September 19, 2018

A Need for Accuracy


During a drive on I-17 to Flagstaff, I noticed some inaccuracies I feel is my duty to bring to someone’s attention. The green signs with white letters and the blue signs with white letters were reasonably accurate, but the yellow ones with black letters need some work.

The first sign that caught my attention was one that said, “Watch for Elk Next 30 Miles.” I glanced at my odometer and did some quick arithmetic. (What’s the real difference between arithmetic and mathematics anyway?) A few miles down the road was another sign, “Watch for Rocks,” but it didn’t say for how far–so I assumed “forever.” Then, not too much farther was another sign, “Watch for Ice.” And again no distance. This was one of those portable signs that can be folded up, so I guess sometimes you don’t have to watch for ice.

To begin with, this is a lot of things to be watching for. I could hardly concentrate on my coffee, phone calls and the radio.

The rock sign was fairly accurate. Both sides of the road were littered with rocks, but I gotta tell you, they were boring rocks. I sure wouldn’t put up any signs drawing attention to those suckers. If you happen to be on I-17 and you want to see some rocks worth watching, take a little detour to Sedona. You may have to buy a time-share so you can watch the rocks out your back window, but they’ve got some nice ones (named after musical instruments and cartoon characters), mostly because they’re too big to steal. But it’s not for lack of trying; I heard once that a tourist was discovered with a rope attached to the rear bumper of his RV and looped around Snoopy’s nose. The authorities considered his explanation that he was doing research for a new Disney ride to be inaccurate.

And what about the “Watch for Ice” sign? I’m sure you’ve guessed by now–all the way to Flagstaff and not a sign of ice anywhere. Who would have expected such a thing in Arizona in May? I think it may be time to fold up that sign.

The elk watching was really perplexing. The whole thirty miles and not a single elk, but yet about two miles farther was a whole gang of them. A group of elk is called a gang; I don’t know why. Maybe it’s because they wear leather jackets and have no respect for any laws, as is evidenced by the fact they were well outside the elk zone and gave no indication they cared. They also had a lot of cranial adornments, another thing you’ll see a lot of in Sedona.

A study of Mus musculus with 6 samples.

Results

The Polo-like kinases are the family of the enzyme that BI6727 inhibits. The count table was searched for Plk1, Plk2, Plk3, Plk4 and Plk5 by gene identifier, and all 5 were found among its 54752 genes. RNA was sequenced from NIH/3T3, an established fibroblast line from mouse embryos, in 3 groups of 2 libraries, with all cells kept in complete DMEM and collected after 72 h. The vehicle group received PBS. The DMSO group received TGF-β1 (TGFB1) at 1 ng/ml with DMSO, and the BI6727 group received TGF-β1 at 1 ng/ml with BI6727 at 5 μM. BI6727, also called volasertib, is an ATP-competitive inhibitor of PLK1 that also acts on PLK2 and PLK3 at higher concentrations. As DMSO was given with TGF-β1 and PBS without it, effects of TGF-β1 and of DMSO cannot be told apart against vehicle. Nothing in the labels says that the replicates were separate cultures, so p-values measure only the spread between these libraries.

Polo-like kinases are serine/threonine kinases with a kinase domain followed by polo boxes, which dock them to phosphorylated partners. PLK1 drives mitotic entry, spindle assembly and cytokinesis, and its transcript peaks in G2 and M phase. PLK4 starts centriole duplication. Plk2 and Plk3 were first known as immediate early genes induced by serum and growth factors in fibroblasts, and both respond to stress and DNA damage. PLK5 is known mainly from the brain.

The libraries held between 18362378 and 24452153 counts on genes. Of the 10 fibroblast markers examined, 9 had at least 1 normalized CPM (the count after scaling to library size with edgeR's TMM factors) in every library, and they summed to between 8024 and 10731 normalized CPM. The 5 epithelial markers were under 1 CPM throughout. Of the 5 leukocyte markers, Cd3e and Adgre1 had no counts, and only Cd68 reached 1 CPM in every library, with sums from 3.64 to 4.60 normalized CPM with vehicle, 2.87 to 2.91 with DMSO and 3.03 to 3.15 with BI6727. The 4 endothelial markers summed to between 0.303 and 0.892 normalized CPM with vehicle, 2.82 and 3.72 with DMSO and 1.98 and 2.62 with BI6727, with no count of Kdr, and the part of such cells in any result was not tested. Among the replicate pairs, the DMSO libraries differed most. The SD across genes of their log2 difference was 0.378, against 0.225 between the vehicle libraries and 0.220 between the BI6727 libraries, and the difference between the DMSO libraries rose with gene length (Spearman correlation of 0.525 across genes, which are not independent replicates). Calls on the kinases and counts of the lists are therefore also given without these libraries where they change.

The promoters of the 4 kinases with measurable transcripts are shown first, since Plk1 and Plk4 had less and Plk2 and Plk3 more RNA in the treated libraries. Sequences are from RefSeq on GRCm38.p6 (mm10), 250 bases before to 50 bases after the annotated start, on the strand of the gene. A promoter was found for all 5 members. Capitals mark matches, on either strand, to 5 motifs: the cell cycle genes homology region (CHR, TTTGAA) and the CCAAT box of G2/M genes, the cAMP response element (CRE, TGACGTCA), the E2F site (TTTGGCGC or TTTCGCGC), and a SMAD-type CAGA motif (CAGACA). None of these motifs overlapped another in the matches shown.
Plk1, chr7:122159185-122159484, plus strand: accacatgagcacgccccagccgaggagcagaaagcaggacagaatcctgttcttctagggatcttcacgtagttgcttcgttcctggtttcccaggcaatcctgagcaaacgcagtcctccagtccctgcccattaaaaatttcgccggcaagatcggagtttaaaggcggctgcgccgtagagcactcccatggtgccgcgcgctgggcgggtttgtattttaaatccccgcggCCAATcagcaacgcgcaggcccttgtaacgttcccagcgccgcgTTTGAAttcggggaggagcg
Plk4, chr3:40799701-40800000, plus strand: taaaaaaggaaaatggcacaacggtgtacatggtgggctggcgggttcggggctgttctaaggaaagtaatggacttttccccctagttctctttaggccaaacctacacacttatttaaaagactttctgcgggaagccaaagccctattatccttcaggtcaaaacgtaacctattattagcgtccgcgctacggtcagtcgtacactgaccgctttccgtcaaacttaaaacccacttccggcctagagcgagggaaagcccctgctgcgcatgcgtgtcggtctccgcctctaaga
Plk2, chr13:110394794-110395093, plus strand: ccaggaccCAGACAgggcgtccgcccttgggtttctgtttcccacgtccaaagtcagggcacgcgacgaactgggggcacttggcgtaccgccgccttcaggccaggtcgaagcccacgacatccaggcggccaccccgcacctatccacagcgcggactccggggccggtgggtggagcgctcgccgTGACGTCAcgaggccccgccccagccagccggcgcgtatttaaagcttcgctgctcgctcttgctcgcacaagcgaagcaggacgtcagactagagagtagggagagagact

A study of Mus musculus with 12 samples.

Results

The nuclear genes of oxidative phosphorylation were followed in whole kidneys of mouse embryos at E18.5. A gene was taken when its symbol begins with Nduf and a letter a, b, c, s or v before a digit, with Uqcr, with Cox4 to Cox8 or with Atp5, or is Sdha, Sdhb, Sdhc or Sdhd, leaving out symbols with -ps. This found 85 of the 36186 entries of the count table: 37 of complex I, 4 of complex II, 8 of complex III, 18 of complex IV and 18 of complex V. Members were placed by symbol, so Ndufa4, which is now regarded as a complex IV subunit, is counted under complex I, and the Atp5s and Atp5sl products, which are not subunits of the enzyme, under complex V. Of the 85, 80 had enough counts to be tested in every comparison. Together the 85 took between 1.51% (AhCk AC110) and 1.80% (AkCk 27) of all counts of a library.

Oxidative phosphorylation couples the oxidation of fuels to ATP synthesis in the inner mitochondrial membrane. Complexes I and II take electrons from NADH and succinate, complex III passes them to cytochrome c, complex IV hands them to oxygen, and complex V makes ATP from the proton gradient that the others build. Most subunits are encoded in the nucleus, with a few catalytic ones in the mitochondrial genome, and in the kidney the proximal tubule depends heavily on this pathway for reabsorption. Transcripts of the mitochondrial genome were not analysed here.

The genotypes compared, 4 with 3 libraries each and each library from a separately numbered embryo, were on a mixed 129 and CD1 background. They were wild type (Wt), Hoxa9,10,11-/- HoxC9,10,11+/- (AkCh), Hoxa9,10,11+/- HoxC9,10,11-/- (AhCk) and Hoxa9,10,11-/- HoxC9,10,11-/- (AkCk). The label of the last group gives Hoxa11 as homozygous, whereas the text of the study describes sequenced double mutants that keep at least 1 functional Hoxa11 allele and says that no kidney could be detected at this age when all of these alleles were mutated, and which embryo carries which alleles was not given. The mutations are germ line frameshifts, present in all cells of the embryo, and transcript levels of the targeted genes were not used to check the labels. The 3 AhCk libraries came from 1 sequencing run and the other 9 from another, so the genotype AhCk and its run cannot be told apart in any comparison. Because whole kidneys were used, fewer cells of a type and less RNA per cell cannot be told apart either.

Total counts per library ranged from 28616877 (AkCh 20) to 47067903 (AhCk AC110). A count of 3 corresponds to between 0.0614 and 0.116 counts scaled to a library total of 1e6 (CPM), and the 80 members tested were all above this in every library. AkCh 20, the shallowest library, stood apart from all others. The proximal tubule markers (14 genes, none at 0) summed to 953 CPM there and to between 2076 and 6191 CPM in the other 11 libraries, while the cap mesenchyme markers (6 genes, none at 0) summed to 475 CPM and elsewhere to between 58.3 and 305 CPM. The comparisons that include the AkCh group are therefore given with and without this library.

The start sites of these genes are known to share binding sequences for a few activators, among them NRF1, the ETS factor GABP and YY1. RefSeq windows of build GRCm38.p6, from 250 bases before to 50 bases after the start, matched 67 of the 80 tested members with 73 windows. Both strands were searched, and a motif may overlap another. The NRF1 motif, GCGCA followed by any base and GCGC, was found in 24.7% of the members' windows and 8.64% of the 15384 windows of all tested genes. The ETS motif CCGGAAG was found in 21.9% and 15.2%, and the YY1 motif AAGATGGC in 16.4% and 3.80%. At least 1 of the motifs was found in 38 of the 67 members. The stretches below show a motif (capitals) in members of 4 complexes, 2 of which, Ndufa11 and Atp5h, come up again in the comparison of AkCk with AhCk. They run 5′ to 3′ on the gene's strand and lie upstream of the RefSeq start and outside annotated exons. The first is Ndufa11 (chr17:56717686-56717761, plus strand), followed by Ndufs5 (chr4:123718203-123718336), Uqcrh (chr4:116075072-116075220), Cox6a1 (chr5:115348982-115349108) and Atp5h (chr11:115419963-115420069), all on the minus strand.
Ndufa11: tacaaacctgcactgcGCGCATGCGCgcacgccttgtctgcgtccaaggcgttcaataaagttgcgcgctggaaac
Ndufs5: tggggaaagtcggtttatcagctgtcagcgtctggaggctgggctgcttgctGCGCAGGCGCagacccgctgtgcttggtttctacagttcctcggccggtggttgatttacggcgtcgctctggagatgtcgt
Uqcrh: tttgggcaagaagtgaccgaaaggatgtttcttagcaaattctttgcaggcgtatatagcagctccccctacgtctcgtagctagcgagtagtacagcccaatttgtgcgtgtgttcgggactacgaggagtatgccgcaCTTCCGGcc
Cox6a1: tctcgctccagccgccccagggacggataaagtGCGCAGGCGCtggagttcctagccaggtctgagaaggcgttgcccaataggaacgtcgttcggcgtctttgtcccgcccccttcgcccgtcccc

Why is every Yellow truck I’ve ever seen orange? How are we supposed to teach our kids to read? I suppose it’s possible they are trying to make some statement, but it’s too deep for me. Are they afraid someone would say, “Here comes a yellow Yellow truck?” Is that worse than, “Here comes an orange Yellow truck?”

Another inaccuracy is that TV ad for Las Vegas that says, “What happens here, stays here.” That’s not only inaccurate, that’s a big, fat lie. I’d always wanted to try one of those thong bathing suits, but never dared because I might run into the church choir director at the 7-Eleven or something. So, when I went to Las Vegas I figured there was little chance I’d run into anyone I know, so I gave it a shot. Not only was I asked to leave the pool area, but I was also asked to leave the hotel, and by the time I reached the border half the state of Arizona knew about it. I’d never worn one before, how was I supposed to know there is a front and a back to those things?

And all this happened because an underpaid seamstress sewed a label in the wrong place.  I cannot emphasize enough the need for accuracy.